No other codes required.





posted on Nov, 12 2018 @ 05:53 PM

Years ago, when I was in construction, there was an article in Fine Homebuilding about the Oakland fire. A whole hillside of homes burned. There was one engineer who had decided that he wanted his house to be fire safe. He put heavy plaster on the outside including the soffits and gables. He of course had a fire proof roof, but also added spark suppression to his vents. He kept vegetation away from the house.

The hillside looked like Hiroshima with one untouched white house standing in the middle.

I think there ought to be a class action suite by all home owners against the state of California. It is possible to build fire proof and it's not expensive.

The Moroccan city of Fez which has a climate similar to CA, a city of 2 million hardly has firetrucks. There was one fire while I was there. The contents of a shop burned up, but the building was hardly damaged. Everything is make of cement.


Recently, in SW Florida, they had a "controlled burn". Unfortunately, they waited til late spring when everything was bone dry. Thousands of acres burned out of control. The Indians used to do controlled burns. They didn't wait until the whole world would burn.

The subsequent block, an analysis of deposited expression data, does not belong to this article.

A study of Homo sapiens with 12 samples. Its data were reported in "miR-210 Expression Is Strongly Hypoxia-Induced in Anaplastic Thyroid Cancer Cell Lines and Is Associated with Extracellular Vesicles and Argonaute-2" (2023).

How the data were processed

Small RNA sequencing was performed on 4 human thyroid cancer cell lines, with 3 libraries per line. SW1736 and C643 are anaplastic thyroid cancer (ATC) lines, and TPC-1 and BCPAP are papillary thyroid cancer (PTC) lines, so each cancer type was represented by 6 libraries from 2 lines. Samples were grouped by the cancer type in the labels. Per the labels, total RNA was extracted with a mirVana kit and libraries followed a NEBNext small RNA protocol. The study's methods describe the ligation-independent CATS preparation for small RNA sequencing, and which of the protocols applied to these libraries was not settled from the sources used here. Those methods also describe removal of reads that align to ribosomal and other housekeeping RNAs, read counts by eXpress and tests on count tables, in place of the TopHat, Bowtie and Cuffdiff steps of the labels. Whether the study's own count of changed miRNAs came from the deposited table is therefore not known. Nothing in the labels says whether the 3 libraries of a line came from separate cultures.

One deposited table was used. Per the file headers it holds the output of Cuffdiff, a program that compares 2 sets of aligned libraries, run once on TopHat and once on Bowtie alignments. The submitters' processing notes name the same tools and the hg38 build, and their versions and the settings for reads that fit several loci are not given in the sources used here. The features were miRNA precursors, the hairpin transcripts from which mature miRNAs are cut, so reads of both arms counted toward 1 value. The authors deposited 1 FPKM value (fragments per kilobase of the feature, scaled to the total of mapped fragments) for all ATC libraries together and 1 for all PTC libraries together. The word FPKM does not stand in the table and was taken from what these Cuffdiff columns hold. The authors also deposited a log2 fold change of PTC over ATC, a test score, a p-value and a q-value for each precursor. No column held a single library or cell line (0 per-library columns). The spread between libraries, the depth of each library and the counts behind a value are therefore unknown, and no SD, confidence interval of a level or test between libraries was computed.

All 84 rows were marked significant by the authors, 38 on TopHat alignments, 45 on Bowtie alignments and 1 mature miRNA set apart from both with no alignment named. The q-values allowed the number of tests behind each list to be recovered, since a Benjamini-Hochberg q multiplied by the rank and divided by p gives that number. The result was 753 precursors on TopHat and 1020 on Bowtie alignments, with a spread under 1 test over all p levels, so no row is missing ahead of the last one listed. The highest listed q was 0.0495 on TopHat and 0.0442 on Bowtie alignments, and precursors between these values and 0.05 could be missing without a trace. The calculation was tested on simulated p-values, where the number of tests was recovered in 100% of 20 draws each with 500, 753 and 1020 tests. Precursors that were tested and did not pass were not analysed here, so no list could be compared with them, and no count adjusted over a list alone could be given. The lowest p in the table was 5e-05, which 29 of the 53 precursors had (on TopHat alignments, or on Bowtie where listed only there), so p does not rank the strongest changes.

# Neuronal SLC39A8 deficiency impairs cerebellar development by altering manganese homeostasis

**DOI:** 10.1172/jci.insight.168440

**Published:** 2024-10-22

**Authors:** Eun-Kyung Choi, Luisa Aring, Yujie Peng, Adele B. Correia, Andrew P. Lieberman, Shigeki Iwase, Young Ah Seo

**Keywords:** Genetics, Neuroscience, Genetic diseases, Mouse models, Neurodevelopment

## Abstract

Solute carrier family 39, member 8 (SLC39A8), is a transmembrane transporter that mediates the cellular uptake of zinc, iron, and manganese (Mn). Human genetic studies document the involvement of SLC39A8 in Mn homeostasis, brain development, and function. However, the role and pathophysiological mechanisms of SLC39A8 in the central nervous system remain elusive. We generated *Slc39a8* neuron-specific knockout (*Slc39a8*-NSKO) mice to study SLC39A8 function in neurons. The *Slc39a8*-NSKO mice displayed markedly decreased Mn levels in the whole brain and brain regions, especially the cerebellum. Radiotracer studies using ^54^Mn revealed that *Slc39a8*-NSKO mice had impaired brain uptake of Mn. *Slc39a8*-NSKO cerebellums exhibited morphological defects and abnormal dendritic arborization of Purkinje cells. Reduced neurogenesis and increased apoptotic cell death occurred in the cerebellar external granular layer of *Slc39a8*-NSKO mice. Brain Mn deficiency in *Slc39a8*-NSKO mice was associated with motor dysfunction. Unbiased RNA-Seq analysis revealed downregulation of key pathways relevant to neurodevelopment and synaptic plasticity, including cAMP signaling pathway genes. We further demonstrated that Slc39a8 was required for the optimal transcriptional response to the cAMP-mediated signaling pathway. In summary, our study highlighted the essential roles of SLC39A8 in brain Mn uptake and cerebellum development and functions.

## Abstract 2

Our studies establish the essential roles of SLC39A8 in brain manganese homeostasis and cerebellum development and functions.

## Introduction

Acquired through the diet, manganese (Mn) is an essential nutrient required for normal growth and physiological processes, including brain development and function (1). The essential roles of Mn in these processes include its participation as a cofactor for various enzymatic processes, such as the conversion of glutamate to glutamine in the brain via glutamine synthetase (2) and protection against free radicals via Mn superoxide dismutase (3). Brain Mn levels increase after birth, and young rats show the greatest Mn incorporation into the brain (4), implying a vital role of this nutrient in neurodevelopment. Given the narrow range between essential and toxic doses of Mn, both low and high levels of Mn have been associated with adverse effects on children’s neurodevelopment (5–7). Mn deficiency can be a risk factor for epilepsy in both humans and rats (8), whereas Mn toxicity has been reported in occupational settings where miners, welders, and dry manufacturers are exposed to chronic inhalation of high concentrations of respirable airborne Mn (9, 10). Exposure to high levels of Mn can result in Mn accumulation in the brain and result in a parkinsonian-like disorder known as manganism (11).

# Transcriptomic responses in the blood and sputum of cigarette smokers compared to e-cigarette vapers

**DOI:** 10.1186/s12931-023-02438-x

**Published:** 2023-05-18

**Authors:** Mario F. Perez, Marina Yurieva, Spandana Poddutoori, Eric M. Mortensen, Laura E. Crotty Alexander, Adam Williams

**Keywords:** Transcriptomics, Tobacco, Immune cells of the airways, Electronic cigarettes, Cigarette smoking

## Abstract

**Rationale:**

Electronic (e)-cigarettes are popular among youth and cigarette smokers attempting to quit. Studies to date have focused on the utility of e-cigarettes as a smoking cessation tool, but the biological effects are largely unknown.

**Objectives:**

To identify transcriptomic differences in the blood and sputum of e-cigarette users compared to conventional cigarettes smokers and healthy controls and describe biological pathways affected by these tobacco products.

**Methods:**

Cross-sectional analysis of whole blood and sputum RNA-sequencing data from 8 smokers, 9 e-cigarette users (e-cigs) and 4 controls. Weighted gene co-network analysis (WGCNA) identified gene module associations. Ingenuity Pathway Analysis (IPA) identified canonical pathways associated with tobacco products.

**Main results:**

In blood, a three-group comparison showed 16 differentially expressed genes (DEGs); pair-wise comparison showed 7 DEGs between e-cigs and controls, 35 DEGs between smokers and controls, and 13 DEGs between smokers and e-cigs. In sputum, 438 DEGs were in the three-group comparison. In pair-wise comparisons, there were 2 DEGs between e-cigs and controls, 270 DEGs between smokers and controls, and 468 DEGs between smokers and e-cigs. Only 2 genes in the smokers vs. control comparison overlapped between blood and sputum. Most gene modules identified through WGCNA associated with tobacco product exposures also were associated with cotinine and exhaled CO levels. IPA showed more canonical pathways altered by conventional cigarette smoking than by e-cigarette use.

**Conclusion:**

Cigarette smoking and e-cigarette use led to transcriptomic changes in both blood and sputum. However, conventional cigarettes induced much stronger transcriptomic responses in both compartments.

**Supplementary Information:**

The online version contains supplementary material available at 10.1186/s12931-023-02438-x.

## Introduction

California is controlled by idiots. Perhaps they deserve what they are getting.
edit on 12-11-2018 by UMayBRite! because: Read the other posts.



posted on Nov, 12 2018 @ 07:31 PM

Perhaps in these areas, the distance between houses needs to be greater. Also, the vegetation needs to help resist fire. If you have a rock garden, it's not going to burn.

Also, if the streets have wider easements and vegetation is not allowed in the easements then the fire can't get so close to the houses.

It is a complex issue but I do think that smart builders and designers could come up with a set of guild lines for building in fire prone areas.

The main issue is of course money. If you are a developer you want to have as many lots available to sell as possible. If building codes are changed so you can only have half as many lots in your subdivision, then your profit just went way down
If it costs an extra $50,000 to build a house there will be fewer prospective buyers.

Money money money.

But if you think about it how much did this fire cost our society?